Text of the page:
Posted by: kathandroger | April 8, 2018

The Sheep with no head.

We had three male lambs this year from our two ewes. Despite the awful weather of this springtime they have all done well and are growing rapidly. With the new flush of fresh grass in the pasture the hay is largely left untouched, but they all adore the sheep nuts I give them to keep them tame and so that I can catch them when needed. All the sheep also like old bits of bread, and this morning I took some up to the field this morning, only to find that one of the sheep, Dougal, I think, has lost his head.IMG_3947
I am not sure how he will manage without it, and feeding will be quite a problem, but I guess he will be welcome in the local circus.
Incidentally the local circus came to town for one evening last week. Yes, to our little village of about 500 people. To be fair, the circus consisted of one big tent and maybe an animal or two (we didn’t see the show), but it seems to be a trend for the small circus enterprises to visit small villages for one night and them move on. But I can imagine the excitement it must bring to the local children to have the show on their own doorstep.
We are still waiting to get on with the vegetable garden, the ground is still too wet for rotavating, although the broad beans are in flower and the peas are looking good. The early potatoes need to go in, but there is no point in putting other seeds in cold and wet ground. “Nature always pays its debts” according to the local sages, so we must be due for some good weather soon.
The chickens are laying beautifully at the moment. I have always been a bit cocky about how simple a chicken house can be, with no laying boxes and just a simple space with a perch which some of them use at night. But our chickens all like to lay in the same corner of the box. No problem with that except when three of them want to lay in the same place at the same time! I was passing the house yesterday when all sorts of strange noises were coming from within. I could hear chicken cussing phrases, like “bugger off, I’m bursting”, and “how much longer are you going to take to push that thing out?”. On opening the lid the problem was obvious.IMG_3946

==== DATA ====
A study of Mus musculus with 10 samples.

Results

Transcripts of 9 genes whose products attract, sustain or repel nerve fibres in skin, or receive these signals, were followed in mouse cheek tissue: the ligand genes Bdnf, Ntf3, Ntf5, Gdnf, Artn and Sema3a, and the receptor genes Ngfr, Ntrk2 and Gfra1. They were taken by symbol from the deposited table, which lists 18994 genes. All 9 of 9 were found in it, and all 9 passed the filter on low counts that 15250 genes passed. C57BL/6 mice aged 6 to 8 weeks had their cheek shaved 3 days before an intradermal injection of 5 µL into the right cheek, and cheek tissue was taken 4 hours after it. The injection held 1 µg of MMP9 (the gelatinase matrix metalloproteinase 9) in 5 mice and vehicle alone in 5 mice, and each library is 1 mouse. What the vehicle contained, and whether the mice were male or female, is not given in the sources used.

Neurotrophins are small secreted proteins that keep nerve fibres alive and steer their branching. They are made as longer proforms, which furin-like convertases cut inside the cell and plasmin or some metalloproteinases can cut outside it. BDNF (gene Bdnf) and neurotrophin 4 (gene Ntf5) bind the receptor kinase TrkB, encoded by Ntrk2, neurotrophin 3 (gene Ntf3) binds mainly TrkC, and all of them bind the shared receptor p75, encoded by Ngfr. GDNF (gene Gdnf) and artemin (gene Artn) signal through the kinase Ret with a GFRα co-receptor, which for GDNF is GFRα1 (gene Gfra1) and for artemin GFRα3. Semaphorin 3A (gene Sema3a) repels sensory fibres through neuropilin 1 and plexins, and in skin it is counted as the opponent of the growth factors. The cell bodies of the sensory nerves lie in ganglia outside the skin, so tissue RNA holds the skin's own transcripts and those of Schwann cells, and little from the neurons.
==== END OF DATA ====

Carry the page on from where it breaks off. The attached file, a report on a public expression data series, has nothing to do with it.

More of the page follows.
Sandra was in prime position and laying, Beryl, the wayward chicken, was sitting on top of her trying to get to the nest, and posh Pat, was also on the pile, but had stepped back by the time I had got the camera. All seem to resolve over the next few hours though, and we had our normal clutch of four eggs by the afternoon.
I had been worried about our “kiosk”, the elevated sheep shelter on the top of our land which serves as a lovely place to sit and drink wine when we have the time to do so. It had been sinking in one corner and the decking had become badly warped. It was inconceivable that the builder bad been less than assiduous with the foundations, and last week I realised the culprit. IMG_3948
The sheep use the underside of the building and leave all their calling cards behind. The worms are attracted to the poo, and the moles are attracted to the worms. We have always had lots of mole hills up there, which is much better than on our lawn, but after years of burrowing under the wooden supports, some of them are collapsing. The beauty of rough and ready building is that repairs are easy, and next week I shall play with some cement foundations and some more big bits of wood and do the repairs… if the building doesn’t fall down beforehand!